Lugaru's Epsilon
Editor 14.04

Epsilon User's Manual and Reference
   Primitives and EEL Subroutines
      Buffer Primitives
         . . .
         Comparing Primitives
         Managing Buffers
         Catching Buffer Changes
         Listing Buffers
      Display Primitives
         Creating & Destroying Windows
         Window Resizing Primitives
         Preserving Window Arrangements
         . . .

Catching Buffer Changes

user buffer short call_on_modify;
on_modify()     /* buffer.e */
zeroed buffer (*buffer_on_modify)();
buffer char _buf_readonly;
check_modify(int buf)

If the buffer-specific call_on_modify variable has a nonzero value in a particular buffer, whenever any primitive tries to modify that buffer, Epsilon calls the EEL subroutine on_modify( ) first. By default, that subroutine calls the normal_on_modify( ) subroutine, which aborts the modification if the buffer-specific variable _buf_readonly is nonzero, indicating a read-only buffer, and does various similar things.

But if the buffer_on_modify buffer-specific function pointer is nonzero for that buffer, on_modify( ) instead calls the subroutine it indicates. That subroutine may wish to call normal_on_modify( ) itself.

An on_modify( ) function can abort the modification or set variables. But if it plans to return, it must not create or delete buffers, or permanently switch buffers.

One of normal_on_modify( )'s tasks is to handle read-only buffers. There are several types of these, distinguished by the value of the _buf_readonly variable, which if nonzero indicates the buffer is read-only. A value of 1 means the user explicitly set the buffer read-only. The value 2 means Epsilon automatically set the buffer read-only because its corresponding file was read-only.

A value of 3 indicates pager mode; this is just like a normal read-only buffer, but if the user action causing the attempt at buffer modification happens to be the result of the <Space> or <Backspace> keys, Epsilon cancels the modification and pages forward or backward, respectively. In other types of read-only buffers, this happens only if the readonly-pages variable permits it. The value 4 means the all-read-only variable caused that buffer to be set read-only.

The check_modify( ) primitive runs the on_modify( ) function on a specified buffer (if call_on_modify is nonzero in that buffer). You can use this if you plan to modify a buffer later but want any side effects to happen now. If the buffer is marked read-only, this function will abort with an error message. If the buffer is in virtual mode and its cursor is positioned in virtual space, Epsilon will insert whitespace characters to reach the virtual column. Because this can change the value of point, you should call check_modify( ) before passing the values of spots to any function.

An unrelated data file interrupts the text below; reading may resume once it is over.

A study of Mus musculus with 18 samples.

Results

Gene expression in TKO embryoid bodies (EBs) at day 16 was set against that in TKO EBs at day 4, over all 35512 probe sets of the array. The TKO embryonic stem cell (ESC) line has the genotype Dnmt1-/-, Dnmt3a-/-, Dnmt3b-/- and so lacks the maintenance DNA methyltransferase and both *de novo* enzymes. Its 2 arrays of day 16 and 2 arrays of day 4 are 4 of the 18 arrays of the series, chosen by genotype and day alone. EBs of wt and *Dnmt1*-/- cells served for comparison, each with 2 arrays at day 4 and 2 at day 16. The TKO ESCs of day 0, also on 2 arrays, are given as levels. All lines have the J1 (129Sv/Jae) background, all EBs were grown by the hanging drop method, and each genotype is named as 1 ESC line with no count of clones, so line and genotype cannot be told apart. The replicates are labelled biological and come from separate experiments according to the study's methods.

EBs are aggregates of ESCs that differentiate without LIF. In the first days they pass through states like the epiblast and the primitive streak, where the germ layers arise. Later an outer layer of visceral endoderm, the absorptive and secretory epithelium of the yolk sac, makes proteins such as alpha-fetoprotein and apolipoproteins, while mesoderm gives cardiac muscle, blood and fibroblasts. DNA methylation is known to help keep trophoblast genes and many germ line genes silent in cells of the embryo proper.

For example, suppose you write a subroutine to replace the previous character with a "+", using a statement like replace(point - 1, '+');. Suppose point has the value 10, and appears at the end of a line containing "abc" (in column 3). Using virtual mode, the user might have positioned the cursor to column 50, however. If you used the above statement, Epsilon would call replace( ) with the value 9. Before replacing, Epsilon would call on_modify( ), which, in virtual mode, would insert tabs and spaces to reach column 50, and move point to the end of the inserted text. Then Epsilon would replace the character "c" at buffer position 9 with "+". If you call check_modify(bufnum); first, however, Epsilon inserts its tabs and spaces to reach column 50, and point - 1 correctly refers to the last space it inserted.

reset_modified_buffer_region(char *tag)
int modified_buffer_region(int *from, int *to, ?char *tag)

Sometimes an EEL function needs to know if a buffer has been modified since the last time it checked. Epsilon can maintain this information using tagged buffer modification regions.

An EEL function first tells Epsilon to begin collecting this information for the current buffer by calling the reset_modified_buffer_region( ) primitive and passing a unique tag name. (Epsilon's syntax highlighting uses a modified buffer region named needs-color, for instance.) Later it can call the modified_buffer_region( ) primitive, passing the same tag name. Epsilon will set its from and to parameters to indicate the range of the buffer that has been modified since the first call.

For example, say a buffer contains six characters abcdef when reset_modified_buffer_region( ) is called. Then the user inserts and deletes some characters resulting in abxyf. A modified_buffer_region( ) would now report that characters in the range 2 to 4 have been changed. If the buffer contains many disjoint changes, from will indicate the start of the first change, and to the end of the last.

The modified_buffer_region( ) primitive returns 0 if the buffer hasn't been modified since the last reset_modified_buffer_region( ) with that tag. In this case from and to will be equal. (They might also be equal if only deletion of text had occurred, but then the primitive wouldn't have returned 0.) It returns 1 if the buffer has been modified. If reset_modified_buffer_region( ) has never been used with the specified tag in the current buffer, it returns -1, and sets the from and to variables to indicate the whole buffer.

The tag may be omitted when calling modified_buffer_region( ). In that case Epsilon uses an internal tag that's reset on each buffer display. So the primitive indicates which part of the current buffer has been modified since the last buffer display.